CHICAGO — The CTA recently spent nearly $19 million dollars in federal funding on new high tech security and armed everything with cameras from CTA buses to stations.
So what happened? For all the high-tech bluster, a low-tech criminal embarrassed them.
Late at night on September 9th, a man wearing a CTA uniform walked into a blind spot in one of the CTA bus barns which didn't have a fancy new camera. He drove off in one of their buses and more than a month later, the man is still on the run and no one at the CTA or Chicago Police want to talk about it.
An investigation by WGNTV and the Better Government Association found the thief's wild ride exposed all sorts of security lapses.
"There seems to be a comedy of errors," says Andy Shaw of the Better Government Association. "The police seem to have dropped the ball on this. The CTA apparently had a lack of a sense of urgency."
It starts with a missing uniform. The problem was no one at the bus barn on 103rd St knew it was missing. The CTA confesses, there is no "master list that tracks lost items." So which uniforms are lost, stolen or legit? Who knows.
That is how an imposter was able to waltz in to the garage, start up a bus and take it on a four hour jaunt up and down Chicago streets. He returned around 1 a.m., hit another bus and then ran off into the night.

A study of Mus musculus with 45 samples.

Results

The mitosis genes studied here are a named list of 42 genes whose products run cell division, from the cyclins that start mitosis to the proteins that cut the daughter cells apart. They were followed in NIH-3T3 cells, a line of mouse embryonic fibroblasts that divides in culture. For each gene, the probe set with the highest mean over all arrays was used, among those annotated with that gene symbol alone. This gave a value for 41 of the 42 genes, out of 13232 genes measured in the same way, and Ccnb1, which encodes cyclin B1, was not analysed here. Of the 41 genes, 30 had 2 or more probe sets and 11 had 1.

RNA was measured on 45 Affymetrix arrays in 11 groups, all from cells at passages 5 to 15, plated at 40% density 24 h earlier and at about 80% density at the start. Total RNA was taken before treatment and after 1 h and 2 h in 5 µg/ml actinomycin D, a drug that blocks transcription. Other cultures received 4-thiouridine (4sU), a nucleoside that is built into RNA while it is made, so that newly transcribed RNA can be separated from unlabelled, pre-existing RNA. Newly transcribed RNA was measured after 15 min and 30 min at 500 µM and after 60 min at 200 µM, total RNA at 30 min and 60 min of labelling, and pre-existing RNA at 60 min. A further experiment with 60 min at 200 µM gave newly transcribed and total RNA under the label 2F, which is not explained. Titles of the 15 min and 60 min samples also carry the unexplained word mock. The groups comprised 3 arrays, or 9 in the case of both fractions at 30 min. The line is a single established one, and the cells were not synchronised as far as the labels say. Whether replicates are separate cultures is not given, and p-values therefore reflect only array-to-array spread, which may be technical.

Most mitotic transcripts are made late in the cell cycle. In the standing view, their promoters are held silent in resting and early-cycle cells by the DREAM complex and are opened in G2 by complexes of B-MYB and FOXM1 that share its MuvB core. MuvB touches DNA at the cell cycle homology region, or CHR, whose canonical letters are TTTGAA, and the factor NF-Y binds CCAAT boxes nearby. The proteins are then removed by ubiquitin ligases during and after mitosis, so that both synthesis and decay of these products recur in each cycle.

"He was very very familiar with exactly how to do this," CTA President Richard Rodriquez. "How to actually come in and how to log into the vehicle and how to actually move the vehicle — so and taking it down the route so we just want to better to understand why he attempted to do something like this."
What the CTA President didn't tell the public is that they didn't know about the joy ride for four days. No one from the 103rd St garage called in to report it.
And that's where this story takes yet another strange twist.
Because after taking the bus, the imposter , still in the stolen uniform, showed up the next morning at the Blue Line at O'Hare. This time he was talking to customers at the turnstile.
What happened next depends on who you talk to.
The CTA says its employees pointed out the strange man and the police let him go.
The Chicago Police say an officer stopped him, talked to him, and later contacted the CTA.
Whichever story — one thing is clear, no one in charge had the information they needed and the imposter slipped away once again.
"We are at a time when this country is concerned about terrorism on the rise," says Shaw. "Transit is a big target. Trains and buses are giant targets. Bus barns are targets. No one should get into a bus barn anymore easily than get on an airplane or a tarmac in an airport."